New York, Jan. 16: Buoyed by its growing sales and profits, Yahoo is planning to take its high-speed internet access service across the US. On Wednesday, the big Internet portal announced better-than-expected financial results for the fourth quarter of 2002.

It was able to expand its sales of online advertising, even as it added new services for which users pay monthly fees. One of the fastest growing of those services is high-speed, or broadband, internet access, which Yahoo now offers as a co-branded service with SBC Communications, the phone company that serves about one-third of the nation.

Overall, Yahoo earned $ 46.2 million for the quarter, compared with a loss of $ 8.7 million a year ago.

Last year, however, Yahoo had to write off some acquisition-related costs that are no longer required. If current accounting rules prevailed, it would have had a profit of $ 6.8 million in the fourth quarter of 2001.

Yahoo’s profit comes to 8 cents a share, better than the 6 cents analysts expected. The company posted sales of $ 285.8 million, up 51 per cent from a year earlier. Excluding HotJobs, an employment site that Yahoo acquired early last year, its sales would have risen by 31 per cent.

Fee-based services were the fastest growing area for Yahoo. It said it had a combined total of 2.2 million subscribers for its broadband service, a dial-up Internet service also with SBC, its rapidly growing online personals service and a range of other smaller offerings. That is up from 3,75,000 subscribers a year ago.

Revenue from those services, which also includes the HotJobs site it acquired last January, were $ 9.4 million. Excluding HotJobs, that represented a 65 per cent increase.

“Sometime this year, if you are a Yahoo user, you will have the ability to be part of Yahoo broadband all over the country,” Terry Semel, Yahoo’s chief executive, said in an interview on Wednesday.

In particular, he said that cable companies, which until now have tried to promote their own broadband services, are now preparing to open their networks to a variety of offerings. Yahoo, he said, will compete with America Online, Microsoft, and EarthLink in providing broadband services over cable.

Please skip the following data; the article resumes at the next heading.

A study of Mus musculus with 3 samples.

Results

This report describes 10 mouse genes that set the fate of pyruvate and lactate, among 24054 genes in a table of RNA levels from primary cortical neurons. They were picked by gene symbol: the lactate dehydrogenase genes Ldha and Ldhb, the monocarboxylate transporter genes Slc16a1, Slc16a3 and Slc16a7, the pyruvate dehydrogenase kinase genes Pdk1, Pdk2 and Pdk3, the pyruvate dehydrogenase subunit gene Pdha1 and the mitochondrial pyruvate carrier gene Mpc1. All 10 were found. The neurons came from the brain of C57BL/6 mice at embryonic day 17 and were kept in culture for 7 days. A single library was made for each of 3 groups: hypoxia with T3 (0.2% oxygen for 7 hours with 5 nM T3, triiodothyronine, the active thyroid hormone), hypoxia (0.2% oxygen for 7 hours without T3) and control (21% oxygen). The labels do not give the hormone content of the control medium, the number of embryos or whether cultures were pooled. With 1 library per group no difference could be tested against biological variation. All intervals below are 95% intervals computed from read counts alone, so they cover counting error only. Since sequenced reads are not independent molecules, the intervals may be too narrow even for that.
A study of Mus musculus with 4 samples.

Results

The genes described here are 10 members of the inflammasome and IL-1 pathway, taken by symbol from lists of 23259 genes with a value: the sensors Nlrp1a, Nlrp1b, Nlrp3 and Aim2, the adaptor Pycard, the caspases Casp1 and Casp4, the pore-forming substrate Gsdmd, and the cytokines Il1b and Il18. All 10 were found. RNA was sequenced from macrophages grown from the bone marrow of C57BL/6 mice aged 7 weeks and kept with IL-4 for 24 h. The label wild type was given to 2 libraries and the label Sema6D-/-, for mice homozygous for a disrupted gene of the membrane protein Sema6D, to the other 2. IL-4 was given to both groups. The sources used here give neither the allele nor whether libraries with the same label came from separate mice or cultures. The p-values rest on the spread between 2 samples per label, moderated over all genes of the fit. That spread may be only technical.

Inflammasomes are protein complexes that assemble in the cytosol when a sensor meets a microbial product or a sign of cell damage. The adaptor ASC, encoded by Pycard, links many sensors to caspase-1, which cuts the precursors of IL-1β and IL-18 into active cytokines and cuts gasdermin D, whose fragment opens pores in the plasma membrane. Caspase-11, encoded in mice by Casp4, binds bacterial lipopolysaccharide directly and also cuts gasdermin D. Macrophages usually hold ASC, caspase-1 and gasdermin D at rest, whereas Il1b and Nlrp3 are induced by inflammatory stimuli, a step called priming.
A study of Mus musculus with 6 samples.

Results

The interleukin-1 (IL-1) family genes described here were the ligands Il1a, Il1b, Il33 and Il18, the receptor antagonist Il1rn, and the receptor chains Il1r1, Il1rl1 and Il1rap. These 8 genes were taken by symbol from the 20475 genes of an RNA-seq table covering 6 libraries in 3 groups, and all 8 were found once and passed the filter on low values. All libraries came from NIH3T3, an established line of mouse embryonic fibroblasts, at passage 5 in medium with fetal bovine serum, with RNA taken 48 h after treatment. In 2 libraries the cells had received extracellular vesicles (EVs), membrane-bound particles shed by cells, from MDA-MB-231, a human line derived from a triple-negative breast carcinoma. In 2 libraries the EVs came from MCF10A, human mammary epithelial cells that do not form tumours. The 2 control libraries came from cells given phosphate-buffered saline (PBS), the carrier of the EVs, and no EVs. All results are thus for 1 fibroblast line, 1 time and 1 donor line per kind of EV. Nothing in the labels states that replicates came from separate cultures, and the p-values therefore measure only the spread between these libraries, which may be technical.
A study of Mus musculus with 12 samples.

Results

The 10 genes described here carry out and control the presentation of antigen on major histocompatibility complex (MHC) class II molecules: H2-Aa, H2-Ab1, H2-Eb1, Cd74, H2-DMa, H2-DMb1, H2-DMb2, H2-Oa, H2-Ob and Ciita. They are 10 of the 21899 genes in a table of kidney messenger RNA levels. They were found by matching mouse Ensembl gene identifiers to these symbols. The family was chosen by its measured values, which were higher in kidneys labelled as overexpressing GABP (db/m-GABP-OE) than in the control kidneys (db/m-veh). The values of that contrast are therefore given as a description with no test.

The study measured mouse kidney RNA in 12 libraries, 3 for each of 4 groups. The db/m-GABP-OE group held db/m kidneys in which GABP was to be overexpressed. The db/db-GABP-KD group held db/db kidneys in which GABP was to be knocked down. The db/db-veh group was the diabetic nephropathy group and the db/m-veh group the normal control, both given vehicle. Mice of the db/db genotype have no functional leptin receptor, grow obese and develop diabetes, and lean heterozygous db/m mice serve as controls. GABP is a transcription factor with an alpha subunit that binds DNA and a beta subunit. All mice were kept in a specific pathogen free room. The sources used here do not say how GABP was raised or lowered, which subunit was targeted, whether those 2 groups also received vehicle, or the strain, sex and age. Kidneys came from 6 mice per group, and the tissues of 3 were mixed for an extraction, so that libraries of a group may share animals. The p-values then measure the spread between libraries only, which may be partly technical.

Semel said Yahoo would detail its broadband strategy at a meeting with investors next month. Safa Rashtchy, an analyst with US Bancorp Piper Jaffray, said that such deals had the potential to be significant for Yahoo. “SBC hasn’t produced a lot of revenue for Yahoo yet, but we estimate it will be $ 100 million this year,” he said. “If they get the other two-thirds of the country, that could be $ 300 million a year.”

Online advertising, which is plummeting at rivals like America Online, also performed well for Yahoo. Its advertising sales rose by 31 per cent to $ 177.5, largely as a result of sales of text advertising on its search pages and other advertising products for small businesses. Yahoo also boasted that it had also been able to create big animated ad formats that are increasingly appealing to big national advertisers. In a conference call with investors, Semel said that Yahoo had recently expanded its sales to the Gap and General Motors, among others.

A big priority for this year, he said, was advertising related to Web searches, Yahoo’s original service. Largely as a result of its deal to incorporate paid listings from Overture Services, its revenue from search advertising was $ 120 million last year, about 20 per cent of its total. Yahoo is hoping to increase this by putting search-related advertising on other areas of its site. And last month, it agreed to buy Intkomi, a maker of search software, to help its search service win back users who have defected to Google.

Semel said the company expected its overall advertising sales to grow by at least 20 per cent this year. Yahoo’s advertising sales rose in each quarter of last year, but the company has yet to reach the heights of its business in the dot-com boom. For all of last year, Yahoo’s sales were $ 953 million — up from $717 million in 2001, but below the $ 1.1 billion of 2000.

Yahoo on Wednesday increased its guidance for financial results this year. It now expects to post revenue of $ 1.145 to $ 1.215 billion for the year, besting its record. Semel said that the company is confident of this sales increase of 20 per cent to 27 per cent, even if the economy and the advertising environment does not improve. Moreover, he said, the company can grow while keeping a tight lid on costs. As a result, it expects its earnings before income tax, depreciation and amortisation, a measure of cash flow popular with media companies, to increase by 43 per cent to 60 per cent this year. The equivalent figure for last year was $ 206 million.

Yahoo reported that its user base continued to grow briskly. Its audience worldwide, excluding Japan, was 213 million people in December, up from 188 million a year earlier. Semel said that this user base, most of whom buy Internet access from America Online, Microsoft’s MSN and others, creates the best opportunity for Yahoo’s expanding broadband offering. “Every time a Yahoo user comes in contact with Yahoo, we can talk about our own broadband service,” he said.